Survival myths, a.k.a. urban (wilderness) legends are popular beliefs shared with friends that are usually very wrong. Let’s continue with myths 61-63
Myth 61: If a tick bites you, you will get Lyme disease.
Ticks are usually found on pets. You can get one by simply touching your dog. These little bugs use blood as their main source of nutrients so it can be gross to have one of these on your skin sucking up your blood. There is a myth claiming that ticks always cause the Lyme disease, a bacterial infection which symptoms are similar to those of a simple cold. However, not all ticks carry the Lyme disease. Your chances of getting the disease if a tick bites you are high, but not a hundred percent. In conclusion, not all ticks carry the Lyme disease. Even if they did, the infection quickly disappears with the use of some good antibiotics.
Myth 62: Wildlife is Your Big Biggest Problem.
Most people’s fear when lost in the wild is to be eaten by a wild creature. Movies showed us how scary a hungry bear, a deadly wolf or a silent snake can be and how quickly they can kill you. According to this myth we should be really careful with the animals out there and it should be our top priority to get protection against them if we want to survive. While this makes sense, reality is different. According to recent research, in North America only around 200 people out of the thousands that go outdoors every year die from any creature. And do you know which creature? Not bears, nor wolves but bees. Yes, we are afraid of all the big and scary animals and it turns out that the smallest of them is causing the biggest amount of deaths.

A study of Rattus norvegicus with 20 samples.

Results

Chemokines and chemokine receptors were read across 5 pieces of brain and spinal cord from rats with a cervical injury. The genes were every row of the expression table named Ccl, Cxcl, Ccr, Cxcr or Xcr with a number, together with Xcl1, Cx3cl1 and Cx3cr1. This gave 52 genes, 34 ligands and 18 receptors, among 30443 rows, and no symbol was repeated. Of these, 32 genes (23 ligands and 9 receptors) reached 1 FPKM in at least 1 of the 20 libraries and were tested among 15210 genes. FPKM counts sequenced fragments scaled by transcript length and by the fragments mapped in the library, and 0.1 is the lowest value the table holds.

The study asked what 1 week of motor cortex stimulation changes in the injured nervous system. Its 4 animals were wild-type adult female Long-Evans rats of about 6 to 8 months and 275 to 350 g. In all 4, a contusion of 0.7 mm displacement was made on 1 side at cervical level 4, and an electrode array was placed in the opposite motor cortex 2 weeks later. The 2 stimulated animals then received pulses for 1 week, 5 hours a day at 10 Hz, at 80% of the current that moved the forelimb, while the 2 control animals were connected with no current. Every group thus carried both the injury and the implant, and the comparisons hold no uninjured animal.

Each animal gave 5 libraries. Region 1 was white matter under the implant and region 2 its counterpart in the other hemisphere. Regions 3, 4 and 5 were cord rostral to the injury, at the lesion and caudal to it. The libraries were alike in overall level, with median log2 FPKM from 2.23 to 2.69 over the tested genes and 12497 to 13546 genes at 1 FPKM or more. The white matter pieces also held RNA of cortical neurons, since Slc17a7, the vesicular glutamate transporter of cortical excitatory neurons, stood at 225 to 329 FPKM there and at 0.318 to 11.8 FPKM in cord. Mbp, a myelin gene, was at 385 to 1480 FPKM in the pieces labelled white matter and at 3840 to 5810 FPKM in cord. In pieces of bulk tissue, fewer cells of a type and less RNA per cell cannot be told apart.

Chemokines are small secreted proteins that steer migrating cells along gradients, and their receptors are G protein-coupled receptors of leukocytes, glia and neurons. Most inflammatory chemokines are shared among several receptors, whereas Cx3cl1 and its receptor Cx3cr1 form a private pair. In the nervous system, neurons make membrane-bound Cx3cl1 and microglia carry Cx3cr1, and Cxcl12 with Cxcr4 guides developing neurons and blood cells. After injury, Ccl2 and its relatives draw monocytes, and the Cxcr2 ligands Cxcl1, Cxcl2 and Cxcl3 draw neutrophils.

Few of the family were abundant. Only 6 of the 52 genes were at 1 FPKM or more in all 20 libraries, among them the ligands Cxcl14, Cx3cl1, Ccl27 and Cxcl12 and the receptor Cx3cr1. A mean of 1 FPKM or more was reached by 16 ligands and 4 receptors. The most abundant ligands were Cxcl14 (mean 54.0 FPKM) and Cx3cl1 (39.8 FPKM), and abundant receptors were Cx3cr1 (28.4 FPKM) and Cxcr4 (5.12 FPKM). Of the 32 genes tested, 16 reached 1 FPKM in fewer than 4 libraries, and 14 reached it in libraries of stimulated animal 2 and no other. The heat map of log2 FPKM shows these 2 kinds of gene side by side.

In conclusion, wildlife is not as dangerous as we think. This also depends on the location of course but in general, when people are lost in the wild they die from other reasons such as weather conditions or dehydration. You can stop reading books about how to survive a bear attack and start reading books about how to find water, food or shelter.
Myth 63: Bears are attracted to menstruation.
The strange idea that bears are likely to attack menstruating women was born in the year 1967 in the Glacier National Park in Montana. Two women, one menstruating and one carrying tampons were killed by a grizzly bear. This quickly led to the speculation that the menstrual odors of the women might have attracted the bears and so, several security agencies warned women over this funny fact. No scientific evidence was ever presented. Recent studies have shown that bears are actually not attracted to menstruating women. This one is a strange myth that is obviously wrong.